Susan Sarandon has redefined what it means to be an older woman, asking, “Do you really have to be the ice queen intellectual or the slut whore? Isn’t there some way to be both?”
Years before it was socially acceptable, Sarandon became the first cougar, hooking up with twelve-years-younger Tim Robbins, her co-star in Bull Durham. With her daughter, Eva Amurri (whose father is director Franco Amurri), she moved in with Robbins and had two children: Jack Henry and Miles Guthrie. “Living with somebody of any age isn’t easy,” Sarandon says. “But younger men have come of age in a time when strong women are not such a strange phenomenon. I’ve been married and I’ve been single, and it doesn’t make much different. We’re a family.”
And long before it was the norm, Susan Sarandon was outspoken on political issues, asserting, “Everyone has a responsibility towards this larger family of man, but especially if you’re privileged, that increases your responsibility…How can you not participate in the world you live in?”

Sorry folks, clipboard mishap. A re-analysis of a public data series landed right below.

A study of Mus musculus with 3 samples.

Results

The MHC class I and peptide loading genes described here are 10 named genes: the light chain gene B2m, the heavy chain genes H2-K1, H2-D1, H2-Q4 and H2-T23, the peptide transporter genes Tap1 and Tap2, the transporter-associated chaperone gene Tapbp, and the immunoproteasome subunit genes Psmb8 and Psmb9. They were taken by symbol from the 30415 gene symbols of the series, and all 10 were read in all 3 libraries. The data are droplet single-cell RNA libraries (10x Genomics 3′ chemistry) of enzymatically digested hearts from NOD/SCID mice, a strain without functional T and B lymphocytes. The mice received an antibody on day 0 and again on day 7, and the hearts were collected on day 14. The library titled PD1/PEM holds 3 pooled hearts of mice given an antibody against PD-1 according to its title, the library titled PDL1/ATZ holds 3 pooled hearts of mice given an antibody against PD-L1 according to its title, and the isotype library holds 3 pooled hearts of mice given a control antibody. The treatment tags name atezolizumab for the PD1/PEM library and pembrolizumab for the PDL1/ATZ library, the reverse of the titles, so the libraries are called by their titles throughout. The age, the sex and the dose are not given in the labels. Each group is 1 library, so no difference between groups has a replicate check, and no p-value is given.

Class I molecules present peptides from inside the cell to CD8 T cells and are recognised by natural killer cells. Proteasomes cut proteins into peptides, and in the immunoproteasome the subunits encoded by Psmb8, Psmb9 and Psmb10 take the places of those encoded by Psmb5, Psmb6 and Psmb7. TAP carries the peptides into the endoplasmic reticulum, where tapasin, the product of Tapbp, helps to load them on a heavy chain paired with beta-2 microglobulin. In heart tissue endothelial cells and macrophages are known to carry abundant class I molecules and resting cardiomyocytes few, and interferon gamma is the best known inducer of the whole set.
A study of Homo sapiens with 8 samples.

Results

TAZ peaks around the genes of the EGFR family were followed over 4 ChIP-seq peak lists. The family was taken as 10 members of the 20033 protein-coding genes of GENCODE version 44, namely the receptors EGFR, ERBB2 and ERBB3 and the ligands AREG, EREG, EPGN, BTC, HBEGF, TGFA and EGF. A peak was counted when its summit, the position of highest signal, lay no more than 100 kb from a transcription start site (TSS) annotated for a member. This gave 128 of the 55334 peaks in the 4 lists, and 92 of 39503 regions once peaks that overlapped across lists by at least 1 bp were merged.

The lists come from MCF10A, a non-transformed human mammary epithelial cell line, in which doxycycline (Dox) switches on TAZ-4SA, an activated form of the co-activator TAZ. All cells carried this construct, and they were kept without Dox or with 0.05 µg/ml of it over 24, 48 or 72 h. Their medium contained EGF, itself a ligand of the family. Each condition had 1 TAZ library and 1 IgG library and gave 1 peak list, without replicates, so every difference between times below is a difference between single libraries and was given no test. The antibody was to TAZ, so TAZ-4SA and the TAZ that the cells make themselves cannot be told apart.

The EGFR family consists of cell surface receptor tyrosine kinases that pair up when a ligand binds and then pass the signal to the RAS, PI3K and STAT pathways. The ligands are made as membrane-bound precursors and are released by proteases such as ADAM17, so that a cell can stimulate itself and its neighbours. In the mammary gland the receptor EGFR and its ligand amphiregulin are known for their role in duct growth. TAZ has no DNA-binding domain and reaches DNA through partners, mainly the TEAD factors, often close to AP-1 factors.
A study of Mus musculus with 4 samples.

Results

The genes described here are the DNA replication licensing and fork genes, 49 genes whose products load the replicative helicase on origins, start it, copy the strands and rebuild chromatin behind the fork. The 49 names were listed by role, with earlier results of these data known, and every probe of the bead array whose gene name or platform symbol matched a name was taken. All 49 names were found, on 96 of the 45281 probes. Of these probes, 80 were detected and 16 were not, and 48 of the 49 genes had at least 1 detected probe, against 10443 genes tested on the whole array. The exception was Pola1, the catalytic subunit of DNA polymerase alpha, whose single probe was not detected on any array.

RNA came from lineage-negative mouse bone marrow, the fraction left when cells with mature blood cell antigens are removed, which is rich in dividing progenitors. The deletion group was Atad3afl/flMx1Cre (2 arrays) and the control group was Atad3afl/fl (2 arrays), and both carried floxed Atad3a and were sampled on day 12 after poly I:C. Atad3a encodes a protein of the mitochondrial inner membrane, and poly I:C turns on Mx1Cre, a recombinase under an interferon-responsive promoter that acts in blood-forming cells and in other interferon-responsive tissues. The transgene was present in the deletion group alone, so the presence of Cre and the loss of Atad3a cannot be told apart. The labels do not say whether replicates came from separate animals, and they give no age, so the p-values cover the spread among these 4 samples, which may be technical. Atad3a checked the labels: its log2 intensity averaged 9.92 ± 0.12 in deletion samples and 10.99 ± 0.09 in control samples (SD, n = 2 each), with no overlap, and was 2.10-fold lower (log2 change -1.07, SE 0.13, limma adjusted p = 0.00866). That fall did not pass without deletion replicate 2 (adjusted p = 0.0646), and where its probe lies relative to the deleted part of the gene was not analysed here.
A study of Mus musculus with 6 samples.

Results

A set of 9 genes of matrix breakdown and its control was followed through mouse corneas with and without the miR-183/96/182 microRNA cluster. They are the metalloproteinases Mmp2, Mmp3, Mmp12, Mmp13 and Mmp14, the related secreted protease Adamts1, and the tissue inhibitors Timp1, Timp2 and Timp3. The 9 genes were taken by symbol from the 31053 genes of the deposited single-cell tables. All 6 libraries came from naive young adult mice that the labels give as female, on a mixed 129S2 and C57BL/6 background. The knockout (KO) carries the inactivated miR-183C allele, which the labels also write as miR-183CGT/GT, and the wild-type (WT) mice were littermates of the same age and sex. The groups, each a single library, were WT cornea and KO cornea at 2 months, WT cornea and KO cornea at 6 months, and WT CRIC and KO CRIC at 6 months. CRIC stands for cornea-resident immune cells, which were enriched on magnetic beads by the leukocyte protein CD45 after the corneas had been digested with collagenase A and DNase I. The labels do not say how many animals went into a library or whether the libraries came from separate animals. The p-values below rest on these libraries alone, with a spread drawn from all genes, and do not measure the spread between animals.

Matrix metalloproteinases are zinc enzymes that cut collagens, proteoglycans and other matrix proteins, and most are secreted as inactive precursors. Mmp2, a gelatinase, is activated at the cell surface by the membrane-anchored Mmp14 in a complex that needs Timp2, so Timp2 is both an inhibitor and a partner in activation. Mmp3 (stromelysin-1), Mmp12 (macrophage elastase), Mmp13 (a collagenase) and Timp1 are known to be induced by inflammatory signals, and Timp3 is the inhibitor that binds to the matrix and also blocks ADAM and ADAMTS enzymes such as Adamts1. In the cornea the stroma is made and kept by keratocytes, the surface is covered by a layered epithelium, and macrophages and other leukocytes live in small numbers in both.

Noted for her active support of progressive and liberal causes, she took an early stance against the US 2003 invasion, questioning: “What did Iraq do to us?”
Born on October 4, 1946, in New York City, Susan Abigail Tomalin been a rebel since childhood, explaining, “I was told I had an overabundance of original sin.”
While in college, she married fellow student Chris Sarandon. After their divorce, she retained her married name as her stage name. In 1981, Playboy’s readers voted hers the Best Celebrity Breasts, causing her to remark, “It’s very hard not to be in a scene and not be upstaged by your nipples.”
Insofar as being a role model, Sarandon muses, “I didn’t realize that everything was supposed to fall apart at forty, so I just slid past forty and fifty and sixty. When you’re an outsider and not paying attention to the rules, the hurdles are a little lower.”